Foul-smelling curry, rock-solid fish with scales still intact, and roti prata so hard that it feels like one is “chewing on plastic” — these are how some foreign workers describe the food catered for them at work sites.
The situation is made worse by the fact that the meals are often delivered several hours before meal times. Construction supervisor Zakir Hossain Khokan told TODAY: “If you come by construction sites or shipyards early in the morning, you will see how packs of food are left along the roadside. By the time workers have their meals, often the plastic bags would have been broken (by cockroaches or rats). The food is so smelly it has obviously gone bad.”
The poor nutrition of meals catered for foreign workers, which can cost as much as a quarter of a worker’s monthly salary, is the subject of an ongoing study by researchers from the National University of Singapore (NUS) and HealthServe, a non-governmental organisation (NGO).
Based on interviews and focus groups with some 60 Bangladeshi workers living in the Tai Seng area, the researchers found that the meals – usually a pile of rice and some tinned meat or curry – are often delivered hours in advance. “Breakfasts and lunches are delivered to workers’ dormitories as early as 6am. By lunch time, the food smells rancid,” said Mr Manishankar Prasad, a researcher from NUS’s Center for Culture-Centered Approach to Research and Evaluation. The meals are also sorely lacking in nutrition value, and some workers often complain of stomach problems, he added.
According to some foreign workers interviewed by TODAY, their packed meals do not come with time stamps. The National Environment Agency (NEA) requires caterers to provide time stamps with their packed food, indicating when the food was cooked and when to consume it by. The NEA recommends that cooked food kept under temperatures of between 5 and 60 degrees Celsius be consumed within four hours of preparation.
Caterers said that breakfasts and lunches are delivered to construction work sites as early as 5am, and dinner at 5pm.
A spokesman for Aysha Catering said the caterer provides time stamps but he noted that once the food is delivered, it is up to the employers when they want their workers to consume it. He added that the meals are cooked by 3am. While it provides employers the option of separate deliveries for breakfast, lunch and dinner, they usually do not take up the option as it would cost S$50 more per person, the spokesman said.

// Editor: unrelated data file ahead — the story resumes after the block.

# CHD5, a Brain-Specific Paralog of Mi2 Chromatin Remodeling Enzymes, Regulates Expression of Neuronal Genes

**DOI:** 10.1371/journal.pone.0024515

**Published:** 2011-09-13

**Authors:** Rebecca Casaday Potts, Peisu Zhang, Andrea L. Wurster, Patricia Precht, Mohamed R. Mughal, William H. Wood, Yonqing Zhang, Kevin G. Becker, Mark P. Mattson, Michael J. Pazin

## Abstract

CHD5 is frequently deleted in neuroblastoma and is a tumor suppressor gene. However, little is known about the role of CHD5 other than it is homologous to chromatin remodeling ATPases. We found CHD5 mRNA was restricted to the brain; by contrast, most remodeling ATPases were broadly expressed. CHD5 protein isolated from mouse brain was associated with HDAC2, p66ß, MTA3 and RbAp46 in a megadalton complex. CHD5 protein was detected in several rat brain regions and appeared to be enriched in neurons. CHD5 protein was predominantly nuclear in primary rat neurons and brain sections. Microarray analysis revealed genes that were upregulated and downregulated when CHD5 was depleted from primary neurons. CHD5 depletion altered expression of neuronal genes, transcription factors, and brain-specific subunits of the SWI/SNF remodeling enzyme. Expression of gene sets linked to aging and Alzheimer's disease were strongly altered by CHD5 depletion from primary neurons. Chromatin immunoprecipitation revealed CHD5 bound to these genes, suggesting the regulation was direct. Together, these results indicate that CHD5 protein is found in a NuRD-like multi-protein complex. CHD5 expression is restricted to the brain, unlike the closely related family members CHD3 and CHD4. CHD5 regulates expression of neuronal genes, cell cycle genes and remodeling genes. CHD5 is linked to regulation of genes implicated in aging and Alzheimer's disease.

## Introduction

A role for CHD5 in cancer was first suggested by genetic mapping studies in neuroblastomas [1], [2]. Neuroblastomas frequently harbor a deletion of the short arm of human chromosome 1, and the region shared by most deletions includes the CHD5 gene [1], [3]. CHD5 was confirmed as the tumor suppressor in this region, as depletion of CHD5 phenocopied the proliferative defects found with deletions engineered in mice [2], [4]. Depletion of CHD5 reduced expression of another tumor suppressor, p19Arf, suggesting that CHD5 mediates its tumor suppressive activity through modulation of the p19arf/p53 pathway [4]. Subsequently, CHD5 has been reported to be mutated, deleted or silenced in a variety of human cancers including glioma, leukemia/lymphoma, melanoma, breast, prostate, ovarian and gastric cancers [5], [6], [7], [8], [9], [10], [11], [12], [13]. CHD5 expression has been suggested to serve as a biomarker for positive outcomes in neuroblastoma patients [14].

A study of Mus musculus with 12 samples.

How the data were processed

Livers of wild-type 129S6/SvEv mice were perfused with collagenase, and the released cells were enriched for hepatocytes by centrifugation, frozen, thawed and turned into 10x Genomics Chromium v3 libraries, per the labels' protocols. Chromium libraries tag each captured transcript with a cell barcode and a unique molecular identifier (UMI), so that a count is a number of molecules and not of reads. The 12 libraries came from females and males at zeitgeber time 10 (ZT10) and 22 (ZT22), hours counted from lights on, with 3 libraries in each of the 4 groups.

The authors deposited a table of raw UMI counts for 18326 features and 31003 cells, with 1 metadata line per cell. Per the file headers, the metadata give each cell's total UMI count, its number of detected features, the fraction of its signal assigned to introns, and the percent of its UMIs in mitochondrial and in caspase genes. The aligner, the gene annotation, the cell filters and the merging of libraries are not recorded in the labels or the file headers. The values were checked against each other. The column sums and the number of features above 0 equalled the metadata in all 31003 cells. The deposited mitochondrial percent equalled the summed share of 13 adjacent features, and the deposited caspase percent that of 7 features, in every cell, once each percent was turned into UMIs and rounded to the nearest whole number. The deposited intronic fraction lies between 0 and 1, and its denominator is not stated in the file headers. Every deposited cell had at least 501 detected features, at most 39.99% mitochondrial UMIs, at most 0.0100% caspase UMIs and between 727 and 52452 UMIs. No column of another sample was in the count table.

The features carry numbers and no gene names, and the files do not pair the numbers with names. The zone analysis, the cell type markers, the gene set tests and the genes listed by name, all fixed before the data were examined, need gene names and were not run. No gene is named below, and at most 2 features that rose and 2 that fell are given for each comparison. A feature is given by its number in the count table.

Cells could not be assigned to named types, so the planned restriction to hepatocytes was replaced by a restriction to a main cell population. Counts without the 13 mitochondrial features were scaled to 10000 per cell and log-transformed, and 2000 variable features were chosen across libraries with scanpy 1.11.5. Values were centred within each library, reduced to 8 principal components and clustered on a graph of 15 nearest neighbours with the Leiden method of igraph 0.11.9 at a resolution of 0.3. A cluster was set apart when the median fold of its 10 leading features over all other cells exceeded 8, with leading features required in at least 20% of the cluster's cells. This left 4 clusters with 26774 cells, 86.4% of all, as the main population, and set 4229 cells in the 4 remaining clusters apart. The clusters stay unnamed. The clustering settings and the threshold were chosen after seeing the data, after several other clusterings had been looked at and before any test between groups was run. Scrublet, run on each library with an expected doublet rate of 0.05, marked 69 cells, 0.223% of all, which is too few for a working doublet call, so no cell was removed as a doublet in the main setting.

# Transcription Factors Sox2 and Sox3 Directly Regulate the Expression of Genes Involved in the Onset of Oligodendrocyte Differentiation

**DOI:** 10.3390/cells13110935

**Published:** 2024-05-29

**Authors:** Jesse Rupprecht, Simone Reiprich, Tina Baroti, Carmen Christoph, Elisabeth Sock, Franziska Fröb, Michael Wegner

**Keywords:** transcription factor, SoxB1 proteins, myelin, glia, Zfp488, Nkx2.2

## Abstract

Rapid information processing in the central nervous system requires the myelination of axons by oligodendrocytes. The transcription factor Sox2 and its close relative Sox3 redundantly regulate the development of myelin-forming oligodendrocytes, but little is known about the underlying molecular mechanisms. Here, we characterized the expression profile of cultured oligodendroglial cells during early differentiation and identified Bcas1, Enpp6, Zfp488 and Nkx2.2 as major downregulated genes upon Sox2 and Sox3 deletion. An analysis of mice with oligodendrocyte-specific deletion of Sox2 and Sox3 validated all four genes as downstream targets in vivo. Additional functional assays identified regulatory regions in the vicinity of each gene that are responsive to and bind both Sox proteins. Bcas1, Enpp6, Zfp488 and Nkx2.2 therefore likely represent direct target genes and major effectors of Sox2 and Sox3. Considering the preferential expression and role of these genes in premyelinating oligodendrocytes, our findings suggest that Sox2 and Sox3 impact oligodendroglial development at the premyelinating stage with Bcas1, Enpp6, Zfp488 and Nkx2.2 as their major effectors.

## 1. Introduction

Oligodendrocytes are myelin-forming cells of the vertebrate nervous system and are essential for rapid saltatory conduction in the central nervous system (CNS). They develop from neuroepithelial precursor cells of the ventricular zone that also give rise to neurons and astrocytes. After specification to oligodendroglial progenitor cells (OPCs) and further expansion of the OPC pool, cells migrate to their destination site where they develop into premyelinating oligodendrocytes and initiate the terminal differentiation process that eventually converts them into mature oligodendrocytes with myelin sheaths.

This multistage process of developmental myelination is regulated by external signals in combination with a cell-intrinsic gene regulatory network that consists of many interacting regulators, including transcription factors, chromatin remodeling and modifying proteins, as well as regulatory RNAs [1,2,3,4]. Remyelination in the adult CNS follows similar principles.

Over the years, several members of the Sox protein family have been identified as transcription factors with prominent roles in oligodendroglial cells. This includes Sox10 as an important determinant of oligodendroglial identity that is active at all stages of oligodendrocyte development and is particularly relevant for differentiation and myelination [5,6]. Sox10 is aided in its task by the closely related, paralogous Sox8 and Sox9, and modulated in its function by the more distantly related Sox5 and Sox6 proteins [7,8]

NGOs working with foreign workers said catered food is a perennial complaint. Ms Debbie Fordyce, an executive member at Transient Workers Count Too, said: “The men complain about lack of protein, expired ingredients, and spoiled food. Men arrive in fairly good health, lose weight when they start working — a result of the hard work and long days as much as the food.”
Mr AKM Moshin, editor-in-chief of local Bengali newspaper Banglar Kantha which champions the rights of Bangladeshi workers here, said that there are no cooking facilities in many dormitories. “Employers and dormitory management urge the workers to eat the catered food,” he said.
Mr Akhlas Sakar said that it would be too expensive for him and his fellow construction workers to buy their own meals. “Eating outside costs S$5 to S$6 a meal. Where I can get so much money? If I spend all my wages to eat good food then my family back at home will go without food,” he said.
Nevertheless, a foreign construction worker who declined to be named said he would buy food on his own on most of the days as he ends up throwing away the catered meals. Foreign construction workers whom TODAY spoke to said they pay more than S$100 a month to have catered meals three times a day.
Construction worker Mohd Zahirul Islam said his weight dropped from 70kg to 55kg after living on catered food for three years. In 2011, he switched employers so that he could stay at a dormitory where he could cook his own meals. He has since put on about 10 kg, he said.
Nevertheless, some workers noted that the cooking facilities at the dormitories are insufficient. Mr Sromik Monir said he has to wait in line for as long as 1.5 hours to use the cooking equipment. “Sometimes we finish work at 9pm. We won’t sleep enough if we cook,” he said.
Employers TODAY spoke to said meal arrangements vary according to the location of work sites and the size of the company.
Sharing his company’s good practices, Mr Desmond Hill, deputy general manager of Penta Ocean construction, said his firm usually delivers food to work sites an hour before meal times. Where possible, it also sets up quarters on site where workers can cook, he added.
An industry insider who wanted to be known only as Mr Lim said some caterers are offering cheaper packages and cut back on the quality and quantity of the food.
Holland-Bukit Timah GRC Member of Parliament Christopher de Souza, who has spoken up for foreign workers’ welfare in Parliament, hopes the situation can be addressed. He said: “I hope the workers who give up much to support their families in their hometowns will be provided healthy meals to sustain them through a hard day’s work.”